Headquartered in Lower Manhattan, Fitch says the current CMBS late-pay rate is 4.87%.

NEW YORK CITY—Even as the volume of new issuance has fallen short of earlier estimates and concerns remain about other loan performance metrics, the CMBS delinquency rate keeps declining. Fitch Ratings says that late-pay rates for all the major property types have fallen below 6% for the first time since the depths of the recession, although delinquencies in the lodging sector ticked upward between May and June.

Overall, the June delinquency rate for Fitch-rated CMBS loans dipped 10 basis points to 4.87% from the previous month’s figure. That marks 15 consecutive months of improvement, according to Fitch.

Employing a different yardstick, Trepp measured June’s delinquency rate at 6.05%. It marks a 260-bp drop year over year and a 429-bp fall from the high watermark set in 2012, for 13 consecutive months of improvement.

In late June, “we saw the six-year anniversary of the beginning of the CMBS Ice Age—a stretch where there would be no CMBS issuance for 21 months,” says Manus Clancy, senior managing director at Trepp. “As we reach the halfway point of 2014, the thaw is nearly complete. New issue spreads continue to fall and legacy defaulted CMBS loans continue to be resolved at a steady pace.”

Amid this good news, however, Fitch notes that while the late-pay rate has continued to decline, the ratings agency is tracking a number of larger loan special servicing transfers, as borrowers request modifications prior to upcoming loan maturities. “Should modifications not be granted, some of these loans may become delinquent, which could reverse or slow the declining trend,” according to Fitch.

Resolutions in June were led by the note sale of the $112-million Senior Living Properties Portfolio loan, securitized as GMACC 1998-C1. The next largest was the original $42.5 million loan on the Glen Town Center (BACM 2006-2), which became REO in June of last year and was sold in late May for a 50% loss.

Fitch says the largest new delinquency last month was the $55-million RiverCenter I & II loan (BSCMSI 2007-TOP28), which was reported to have defaulted at its June 8 maturity. In all, resolutions of $827 million last month outpaced new additions to the index of $449 million. Fitch-rated new issuance volume of $5.1 billion during the month outpaced $4.8 billion in portfolio runoff, resulting in a slight increase in the index denominator.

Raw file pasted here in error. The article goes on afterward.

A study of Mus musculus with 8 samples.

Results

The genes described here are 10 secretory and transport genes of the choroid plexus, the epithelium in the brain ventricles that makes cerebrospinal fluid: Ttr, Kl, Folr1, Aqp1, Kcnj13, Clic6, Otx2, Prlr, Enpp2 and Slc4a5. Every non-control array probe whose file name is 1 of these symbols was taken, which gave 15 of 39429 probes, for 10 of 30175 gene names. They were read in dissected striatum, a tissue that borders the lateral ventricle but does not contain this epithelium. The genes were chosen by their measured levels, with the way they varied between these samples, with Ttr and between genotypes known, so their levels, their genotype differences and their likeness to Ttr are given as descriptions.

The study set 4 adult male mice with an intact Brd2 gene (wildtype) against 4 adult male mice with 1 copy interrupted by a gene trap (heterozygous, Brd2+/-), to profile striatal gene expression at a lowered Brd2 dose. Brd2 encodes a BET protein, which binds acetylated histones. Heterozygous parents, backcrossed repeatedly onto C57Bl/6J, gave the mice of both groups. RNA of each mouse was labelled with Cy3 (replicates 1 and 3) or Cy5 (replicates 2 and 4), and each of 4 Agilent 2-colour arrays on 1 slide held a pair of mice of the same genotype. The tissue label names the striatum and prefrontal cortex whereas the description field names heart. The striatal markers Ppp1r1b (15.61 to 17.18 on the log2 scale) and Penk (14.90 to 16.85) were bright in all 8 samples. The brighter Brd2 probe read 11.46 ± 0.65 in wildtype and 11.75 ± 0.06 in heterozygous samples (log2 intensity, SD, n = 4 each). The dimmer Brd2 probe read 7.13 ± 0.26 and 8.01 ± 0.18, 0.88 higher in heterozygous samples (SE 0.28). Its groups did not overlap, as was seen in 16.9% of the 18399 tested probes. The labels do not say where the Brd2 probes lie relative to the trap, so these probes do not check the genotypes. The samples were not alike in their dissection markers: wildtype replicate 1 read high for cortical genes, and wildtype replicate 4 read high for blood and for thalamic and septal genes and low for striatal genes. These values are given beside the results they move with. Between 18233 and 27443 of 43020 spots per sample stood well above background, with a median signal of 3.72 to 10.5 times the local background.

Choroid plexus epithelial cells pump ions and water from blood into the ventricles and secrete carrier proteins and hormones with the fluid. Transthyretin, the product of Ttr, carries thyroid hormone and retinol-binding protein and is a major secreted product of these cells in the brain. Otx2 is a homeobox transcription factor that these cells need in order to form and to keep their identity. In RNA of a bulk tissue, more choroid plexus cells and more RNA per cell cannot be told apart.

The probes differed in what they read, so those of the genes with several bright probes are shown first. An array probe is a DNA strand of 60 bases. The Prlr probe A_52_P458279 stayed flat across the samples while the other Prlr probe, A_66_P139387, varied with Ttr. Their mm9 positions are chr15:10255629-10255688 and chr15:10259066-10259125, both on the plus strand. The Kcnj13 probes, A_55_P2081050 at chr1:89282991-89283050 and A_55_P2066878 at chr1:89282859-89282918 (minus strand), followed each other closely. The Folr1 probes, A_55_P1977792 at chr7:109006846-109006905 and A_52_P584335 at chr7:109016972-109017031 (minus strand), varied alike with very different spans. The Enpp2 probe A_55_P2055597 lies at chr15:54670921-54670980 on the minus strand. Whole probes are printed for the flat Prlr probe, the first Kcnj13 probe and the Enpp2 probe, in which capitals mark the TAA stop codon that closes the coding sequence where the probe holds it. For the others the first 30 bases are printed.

By property type, industrial saw the largest decline last month at 65 bps, thanks to resolutions outpacing new delinquencies by a ratio of more than 2:1 and an increase in the denominator from the $655-million CSMC 2014-ICE transaction. However, the sector continues to have the highest delinquency rate at 5.78%.

Multifamily experienced a 27-bp decline to 5.65%, also due to a comparable resolution-to-new-delinquency ratio. Retail and office saw modest improvements of 16 and 9 bps, respectively, to 4.82% and 5.13%.

On the other hand, the hotel rate actually worsened by 18 bps last month, due largely to the $54.4-million Radisson Ambassador Plaza Hotel & Casino loan (CGCMT 2006-FL2) falling behind on payments. This was accompanied by no hotel loan resolutions in June.?However, hotel’s delinquency rate is still below 6% at 5.3%, although it has moved from fourth highest delinquency rate in May to third highest last month.

This may all represent general improvement. But for some historical perspective, a recent blog posting on the National Association of Realtors website cited a 2002 report from what was then called the Commercial Mortgage Securities Association, now the CRE Finance Council. In those days, the delinquency rate was closer to 1%.